Submitted by Admin on Mon, 11/25/2013 - 17:10
Much has been stated about trying to define beauty using objective measures. While I do not adhere to these and think that what defines a beautiful face is as much an artistic interpretation, one author has attempted to do so in what is termed the Magnificent Seven. The Magnificent Seven, not to be confused with a 1960 movie starring Steve McQueen and Yul Brenner, consists of defining facial beauty based on the following features (as defined by Swift A et al. Clin Plast Surg 2011):
1. Facial Shape (cheeks and chin)
2. Forehead height
3. Eyebrow shape
4. Eye size and intercanthal distance
5. Nose shape
7. Skin clarity/color/texture
So how can changes be made to these seven criteria if desired.
1. Facial shape (cheeks and chin)- can be changed with facial fillers, neuromodulators, diet, exercise, facial implants
2. Forehead height- Change in hairstyle, hair lowering procedure, hair transplantation
3. Eyebrow shape- Eyebrow grooming techniques, neuromodulators, facial fillers, browlift
4. Eye size and intercanthal distance- Makeup techniques, rhinoplasty (upper 1/3), blepharoplasty, neuromodulators
5. Nose shape- Makeup techniques, Rhinoplasty
6. Lips- Makeup techniques, lip plumpers, facial fillers
7. Skin clarity/color/ texture- lifestyle changes (avoidance of sun/smoking, diet, exercise), skin care products, resurfacing techniques (chemical peels, LASER)
Submitted by Admin on Fri, 11/22/2013 - 16:47
Many of us know that sleep apnea, which is pauses in our sleep, is dangerous and can lead to daytime somnolence, premature death and even cardiovascular disease. But can patients who snore and do not have sleep apnea have increased risks as well? Most physicians have viewed snoring as a loud disruptive sound, but not deadly if there wasn't any associated apneas. However, more recent evidence has found that snoring may indeed have health risks including carotid vascular disease. This area which is currently being studied, may have us look at snoring in a different perspective than before.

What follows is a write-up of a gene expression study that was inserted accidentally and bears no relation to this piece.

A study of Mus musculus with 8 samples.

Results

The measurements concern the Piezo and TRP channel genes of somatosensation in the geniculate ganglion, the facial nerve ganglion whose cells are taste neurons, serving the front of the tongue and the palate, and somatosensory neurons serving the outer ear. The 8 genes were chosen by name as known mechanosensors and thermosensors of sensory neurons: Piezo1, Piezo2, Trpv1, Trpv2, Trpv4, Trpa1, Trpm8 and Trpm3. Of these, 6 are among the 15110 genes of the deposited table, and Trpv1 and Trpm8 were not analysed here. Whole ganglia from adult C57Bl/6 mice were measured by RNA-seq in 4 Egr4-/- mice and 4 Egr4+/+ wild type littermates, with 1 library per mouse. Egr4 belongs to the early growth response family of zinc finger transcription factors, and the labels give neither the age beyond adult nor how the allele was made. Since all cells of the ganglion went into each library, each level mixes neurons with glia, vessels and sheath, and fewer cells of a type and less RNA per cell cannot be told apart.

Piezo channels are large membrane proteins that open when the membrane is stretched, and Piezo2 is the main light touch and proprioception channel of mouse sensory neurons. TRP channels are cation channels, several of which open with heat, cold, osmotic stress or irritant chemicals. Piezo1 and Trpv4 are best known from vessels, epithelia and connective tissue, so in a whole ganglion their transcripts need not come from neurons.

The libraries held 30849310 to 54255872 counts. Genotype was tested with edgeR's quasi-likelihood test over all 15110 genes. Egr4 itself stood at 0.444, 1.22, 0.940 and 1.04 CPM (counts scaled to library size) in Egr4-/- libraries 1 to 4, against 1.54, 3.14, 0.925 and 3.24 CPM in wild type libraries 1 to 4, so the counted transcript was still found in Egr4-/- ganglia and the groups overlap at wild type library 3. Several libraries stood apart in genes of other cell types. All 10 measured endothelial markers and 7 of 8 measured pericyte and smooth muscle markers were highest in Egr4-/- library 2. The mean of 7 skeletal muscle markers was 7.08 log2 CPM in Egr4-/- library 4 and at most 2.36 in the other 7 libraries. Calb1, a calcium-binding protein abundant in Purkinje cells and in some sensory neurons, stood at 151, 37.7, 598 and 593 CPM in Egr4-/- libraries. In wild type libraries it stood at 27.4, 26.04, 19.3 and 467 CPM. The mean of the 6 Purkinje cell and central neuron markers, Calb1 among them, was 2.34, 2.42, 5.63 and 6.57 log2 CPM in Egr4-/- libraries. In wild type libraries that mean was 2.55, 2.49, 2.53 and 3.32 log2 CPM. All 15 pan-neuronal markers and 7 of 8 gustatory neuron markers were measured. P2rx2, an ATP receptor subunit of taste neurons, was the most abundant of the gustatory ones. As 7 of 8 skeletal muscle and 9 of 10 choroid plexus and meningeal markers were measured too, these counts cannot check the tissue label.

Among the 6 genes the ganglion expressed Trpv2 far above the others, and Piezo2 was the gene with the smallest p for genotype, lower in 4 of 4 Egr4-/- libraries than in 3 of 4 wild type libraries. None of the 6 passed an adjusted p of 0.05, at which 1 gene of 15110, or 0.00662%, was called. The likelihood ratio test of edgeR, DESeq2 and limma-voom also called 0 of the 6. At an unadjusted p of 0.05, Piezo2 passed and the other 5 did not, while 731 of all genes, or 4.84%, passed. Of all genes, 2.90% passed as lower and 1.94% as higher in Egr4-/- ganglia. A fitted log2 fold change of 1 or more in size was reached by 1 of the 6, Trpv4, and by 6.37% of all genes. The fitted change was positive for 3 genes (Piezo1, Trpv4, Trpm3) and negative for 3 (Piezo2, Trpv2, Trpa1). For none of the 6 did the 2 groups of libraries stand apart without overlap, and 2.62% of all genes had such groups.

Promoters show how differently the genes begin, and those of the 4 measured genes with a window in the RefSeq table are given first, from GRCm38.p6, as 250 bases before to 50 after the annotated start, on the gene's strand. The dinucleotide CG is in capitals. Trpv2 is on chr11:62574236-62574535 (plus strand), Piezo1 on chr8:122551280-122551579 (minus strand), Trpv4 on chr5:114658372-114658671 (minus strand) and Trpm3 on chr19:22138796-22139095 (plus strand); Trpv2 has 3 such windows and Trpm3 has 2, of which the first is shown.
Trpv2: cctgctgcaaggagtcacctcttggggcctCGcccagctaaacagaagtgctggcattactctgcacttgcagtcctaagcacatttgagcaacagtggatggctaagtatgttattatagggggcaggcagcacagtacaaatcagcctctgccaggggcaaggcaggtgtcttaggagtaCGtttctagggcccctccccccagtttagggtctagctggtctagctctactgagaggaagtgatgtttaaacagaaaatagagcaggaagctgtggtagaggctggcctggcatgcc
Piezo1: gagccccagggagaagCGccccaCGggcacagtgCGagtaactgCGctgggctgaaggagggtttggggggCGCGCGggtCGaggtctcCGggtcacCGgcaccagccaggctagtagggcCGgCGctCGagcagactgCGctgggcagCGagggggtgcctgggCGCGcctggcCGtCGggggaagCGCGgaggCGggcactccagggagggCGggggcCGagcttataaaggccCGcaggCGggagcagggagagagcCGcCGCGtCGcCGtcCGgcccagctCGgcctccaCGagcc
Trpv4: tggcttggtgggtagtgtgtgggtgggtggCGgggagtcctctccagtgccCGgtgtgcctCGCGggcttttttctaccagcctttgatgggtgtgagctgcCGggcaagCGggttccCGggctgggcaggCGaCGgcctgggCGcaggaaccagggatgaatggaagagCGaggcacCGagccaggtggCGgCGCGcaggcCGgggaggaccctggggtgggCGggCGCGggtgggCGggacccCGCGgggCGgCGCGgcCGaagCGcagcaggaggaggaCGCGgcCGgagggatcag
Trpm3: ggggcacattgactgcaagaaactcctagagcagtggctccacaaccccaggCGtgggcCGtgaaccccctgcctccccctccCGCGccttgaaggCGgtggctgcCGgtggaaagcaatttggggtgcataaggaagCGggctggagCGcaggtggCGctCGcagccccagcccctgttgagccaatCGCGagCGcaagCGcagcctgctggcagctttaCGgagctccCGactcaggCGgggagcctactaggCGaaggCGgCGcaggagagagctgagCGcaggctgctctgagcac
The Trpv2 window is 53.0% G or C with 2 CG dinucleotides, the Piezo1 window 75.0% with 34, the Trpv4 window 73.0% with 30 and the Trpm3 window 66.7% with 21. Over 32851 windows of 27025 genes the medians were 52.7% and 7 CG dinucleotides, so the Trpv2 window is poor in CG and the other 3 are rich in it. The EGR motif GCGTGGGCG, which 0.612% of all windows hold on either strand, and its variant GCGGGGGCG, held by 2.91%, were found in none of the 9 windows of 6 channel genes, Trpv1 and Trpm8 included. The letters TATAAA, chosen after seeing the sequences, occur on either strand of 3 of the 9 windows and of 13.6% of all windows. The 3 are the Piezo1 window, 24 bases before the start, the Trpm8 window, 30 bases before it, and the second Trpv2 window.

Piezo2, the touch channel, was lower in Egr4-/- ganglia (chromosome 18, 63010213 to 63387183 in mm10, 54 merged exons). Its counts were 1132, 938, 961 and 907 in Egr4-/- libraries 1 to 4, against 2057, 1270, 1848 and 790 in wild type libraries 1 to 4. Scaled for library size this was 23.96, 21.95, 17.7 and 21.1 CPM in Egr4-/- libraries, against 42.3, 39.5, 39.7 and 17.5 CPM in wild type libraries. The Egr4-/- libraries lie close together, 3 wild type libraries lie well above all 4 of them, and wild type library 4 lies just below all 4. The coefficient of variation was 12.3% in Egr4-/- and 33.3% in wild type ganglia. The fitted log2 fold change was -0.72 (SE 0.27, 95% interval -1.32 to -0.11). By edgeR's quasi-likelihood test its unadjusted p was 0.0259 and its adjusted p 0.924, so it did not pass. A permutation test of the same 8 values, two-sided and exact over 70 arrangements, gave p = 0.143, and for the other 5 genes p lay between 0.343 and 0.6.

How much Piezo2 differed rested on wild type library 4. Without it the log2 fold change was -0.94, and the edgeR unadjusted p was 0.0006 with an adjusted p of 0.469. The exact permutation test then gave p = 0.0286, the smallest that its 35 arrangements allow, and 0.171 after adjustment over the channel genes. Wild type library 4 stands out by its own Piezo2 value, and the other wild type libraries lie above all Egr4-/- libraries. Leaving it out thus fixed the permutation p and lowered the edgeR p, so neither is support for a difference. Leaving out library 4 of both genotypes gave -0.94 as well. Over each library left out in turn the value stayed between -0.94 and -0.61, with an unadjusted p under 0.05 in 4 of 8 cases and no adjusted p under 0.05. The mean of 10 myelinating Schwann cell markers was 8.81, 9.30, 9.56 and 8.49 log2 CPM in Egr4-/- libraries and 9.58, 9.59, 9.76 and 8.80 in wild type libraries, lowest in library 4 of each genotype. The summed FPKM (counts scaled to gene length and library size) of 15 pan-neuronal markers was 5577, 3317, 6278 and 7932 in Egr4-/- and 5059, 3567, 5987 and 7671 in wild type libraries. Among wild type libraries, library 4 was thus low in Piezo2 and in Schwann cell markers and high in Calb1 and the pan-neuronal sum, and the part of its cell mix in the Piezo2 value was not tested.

Submitted by Admin on Thu, 11/21/2013 - 16:43
Juvederm Voluma was recently unanimously FDA approved as the only facial filler for age-related loss in the midface. This particular filler is claiming to be the thickest to date. In addition, results may last up to 2 years, which is thought to be the longest lasting hyaluronic acid filler compared to others in the market. Side effect profile of Voluma is said to be similar to other HA fillers which includes, swelling, bruising, pain, redness or discoloration.
What size syringe does Voluma XC come in?
Voluma comes in a 1.0 ml syringe which is slightly more than the .8ml syringe that comes with Juvederm Ultra and Ultra Plus.
What volume of Voluma will I need?
The amount of Voluma you will need depends on your degree of facial aging.
Can Voluma be used elsewhere in the face?
Voluma is indicated to be injected in the mid-face where we tend to loose volume as we age.
Submitted by Admin on Tue, 11/05/2013 - 18:10
Although there are not any recommendations on this from all makers of influenza intranasal vaccine, I do not recommend the use of a live virus in the nose immediately after a rhinoplasty or septoplasty. First of all, immediately after rhinoplasty, the nose is healing and spraying an irritant in the nose is not recommended. The manufacturers of the vaccine note that nasal congestion, nasal irritation, and runny nose are common adverse effects. This leads me to believe that the vaccine or more likely the solution that carries that vaccine is irritating to the nasal passageway, not a good idea after a nasal procedure. In addition, after a septorhinoplasty, it takes several weeks for the cilia and structure of the nose to return to function. This may mean that the vaccine could be less effective than desired. Finally, the CDC suggests that the vaccine not be used in the presence of nasal congestion as it may limit the effectiveness of the vaccine. After a rhinoplasty, there is typically intranasal swelling.